He’s walked alongside the Maasai people in Kenya and now the Archdiocese’s newest international priest is looking forward to getting in step with the people of South Australia.


Ordained in 2004, Fr Mwaura has spent the majority of his time as a priest working with members of the Maasai community who are well known for their nomadic lifestyle.

“The diocese of Ngong is basically a Maasai area. The people you are always interacting with are Maasai so you’ve got to learn their language and their culture,” he said.

“About 90 per cent are Catholics and they treasure you (as a priest) a lot. They are God-fearing people and they love the Catholic Church because it has enabled them to be who they are.”

Fr Mwaura, 43, explained that when the Maasai would move out with their cattle in search of green pastures, the Catholic priests and missionaries would walk alongside them, helping to build schools in places where the women and children were left behind.

“Most of the schools and health facilities were established by the missionaries and that’s why the Maasai honour them and the priests. They hold them in high regard…you’ll never find a Maasai arguing with a priest!

“I also walked with them and went to their settlements and evangelised with them, catechising them in preparation for baptism.”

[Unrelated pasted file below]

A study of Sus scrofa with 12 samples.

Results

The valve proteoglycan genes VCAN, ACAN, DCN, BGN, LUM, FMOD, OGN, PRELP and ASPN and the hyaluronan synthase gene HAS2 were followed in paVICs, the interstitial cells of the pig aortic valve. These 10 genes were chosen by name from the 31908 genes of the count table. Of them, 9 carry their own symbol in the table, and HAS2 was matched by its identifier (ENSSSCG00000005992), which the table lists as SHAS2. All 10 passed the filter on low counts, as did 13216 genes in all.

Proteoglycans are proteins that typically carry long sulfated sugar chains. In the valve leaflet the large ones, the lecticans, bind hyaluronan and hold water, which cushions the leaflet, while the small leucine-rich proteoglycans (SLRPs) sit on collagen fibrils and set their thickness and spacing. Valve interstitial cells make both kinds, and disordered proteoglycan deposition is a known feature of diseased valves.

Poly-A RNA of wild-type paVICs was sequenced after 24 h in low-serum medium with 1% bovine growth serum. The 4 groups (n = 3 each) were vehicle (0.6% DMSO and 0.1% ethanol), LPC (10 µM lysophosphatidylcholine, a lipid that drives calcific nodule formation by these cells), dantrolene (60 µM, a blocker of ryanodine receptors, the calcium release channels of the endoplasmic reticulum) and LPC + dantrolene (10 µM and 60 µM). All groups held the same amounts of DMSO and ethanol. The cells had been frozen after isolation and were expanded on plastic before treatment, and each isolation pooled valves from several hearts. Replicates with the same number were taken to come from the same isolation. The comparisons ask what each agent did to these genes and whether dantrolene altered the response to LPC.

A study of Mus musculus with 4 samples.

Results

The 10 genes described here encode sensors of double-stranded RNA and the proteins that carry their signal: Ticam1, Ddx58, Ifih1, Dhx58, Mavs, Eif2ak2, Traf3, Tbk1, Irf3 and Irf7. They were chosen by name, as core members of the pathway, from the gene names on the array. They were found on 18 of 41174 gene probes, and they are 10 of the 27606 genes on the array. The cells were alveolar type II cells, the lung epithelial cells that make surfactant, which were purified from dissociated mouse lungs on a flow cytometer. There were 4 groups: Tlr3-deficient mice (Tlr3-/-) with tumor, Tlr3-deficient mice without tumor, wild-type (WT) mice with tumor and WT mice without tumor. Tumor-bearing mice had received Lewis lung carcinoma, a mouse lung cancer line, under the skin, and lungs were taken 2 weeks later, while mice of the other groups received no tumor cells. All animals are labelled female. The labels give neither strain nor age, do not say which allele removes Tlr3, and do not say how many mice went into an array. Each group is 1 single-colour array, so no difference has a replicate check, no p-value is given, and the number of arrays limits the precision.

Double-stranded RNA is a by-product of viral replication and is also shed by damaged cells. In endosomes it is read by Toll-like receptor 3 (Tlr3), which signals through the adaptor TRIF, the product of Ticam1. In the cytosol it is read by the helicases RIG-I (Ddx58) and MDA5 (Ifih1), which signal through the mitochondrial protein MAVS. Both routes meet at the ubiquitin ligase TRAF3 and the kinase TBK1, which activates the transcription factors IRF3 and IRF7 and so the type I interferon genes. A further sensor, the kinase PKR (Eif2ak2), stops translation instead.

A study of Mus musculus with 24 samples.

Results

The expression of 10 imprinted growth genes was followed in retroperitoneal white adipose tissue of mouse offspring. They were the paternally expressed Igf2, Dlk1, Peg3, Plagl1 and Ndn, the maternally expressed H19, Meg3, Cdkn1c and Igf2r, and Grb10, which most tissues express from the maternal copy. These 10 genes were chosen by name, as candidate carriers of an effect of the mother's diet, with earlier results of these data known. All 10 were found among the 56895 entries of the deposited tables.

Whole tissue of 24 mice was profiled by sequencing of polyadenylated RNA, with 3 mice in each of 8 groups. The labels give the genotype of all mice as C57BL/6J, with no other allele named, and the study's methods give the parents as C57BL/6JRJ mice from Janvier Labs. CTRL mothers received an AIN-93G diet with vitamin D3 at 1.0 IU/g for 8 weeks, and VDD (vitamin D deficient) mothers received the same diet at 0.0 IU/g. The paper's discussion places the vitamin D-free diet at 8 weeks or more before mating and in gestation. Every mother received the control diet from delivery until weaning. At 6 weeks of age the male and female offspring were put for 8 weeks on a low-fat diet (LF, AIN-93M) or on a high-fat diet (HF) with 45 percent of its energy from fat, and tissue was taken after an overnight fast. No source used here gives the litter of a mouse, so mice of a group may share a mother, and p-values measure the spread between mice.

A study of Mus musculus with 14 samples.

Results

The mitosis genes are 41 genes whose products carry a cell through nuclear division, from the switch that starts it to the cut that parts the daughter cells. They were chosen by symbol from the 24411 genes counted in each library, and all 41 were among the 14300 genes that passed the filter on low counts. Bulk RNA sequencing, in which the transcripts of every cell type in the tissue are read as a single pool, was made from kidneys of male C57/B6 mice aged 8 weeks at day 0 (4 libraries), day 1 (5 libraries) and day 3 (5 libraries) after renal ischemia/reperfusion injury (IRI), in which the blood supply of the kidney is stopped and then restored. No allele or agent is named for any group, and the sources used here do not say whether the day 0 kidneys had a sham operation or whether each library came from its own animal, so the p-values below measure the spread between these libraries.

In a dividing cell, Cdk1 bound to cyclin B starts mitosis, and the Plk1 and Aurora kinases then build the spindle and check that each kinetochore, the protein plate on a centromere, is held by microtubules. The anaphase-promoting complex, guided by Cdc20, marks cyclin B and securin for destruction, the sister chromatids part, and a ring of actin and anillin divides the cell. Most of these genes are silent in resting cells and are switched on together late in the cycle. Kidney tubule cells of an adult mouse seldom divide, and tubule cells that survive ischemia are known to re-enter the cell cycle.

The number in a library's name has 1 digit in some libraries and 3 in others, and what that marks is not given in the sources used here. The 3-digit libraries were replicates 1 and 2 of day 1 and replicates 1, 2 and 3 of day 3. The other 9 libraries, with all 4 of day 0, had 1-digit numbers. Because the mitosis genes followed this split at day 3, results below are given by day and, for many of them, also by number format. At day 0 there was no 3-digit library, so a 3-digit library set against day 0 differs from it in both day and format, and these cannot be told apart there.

As the local priest his ministry involved helping the community in many ways.

If a Maasai woman went into labour it was him they would call upon to help get her to the health facilities – no matter what time of day it was.

“My work has not only been evangelisation among the Maasai but also working with their social issues,” he said.

His ministry has also included serving in the more urban setting of St Peters Catholic parish. There he was general manager of Osotua Catholic Radio which provided another tool for evangelising the Maasai people through “talking about the Bible and prayers” in their native language.

“We also used the radio programs to educate them on how to live, about HIV, about diseases and politics.”

As the parish priest his responsibilities included the role of director of St Peters Academy and pre-school, a leading education institution for more than 1000 children.

Raised by his “staunch Catholic” mother after his Dad died when he was young, Fr Mwaura said he knew the priesthood was for him after serving as an altar boy.

“I would see the missionary priests from Ireland celebrating Mass and I always wanted to be like them. This was a driving force in my life.”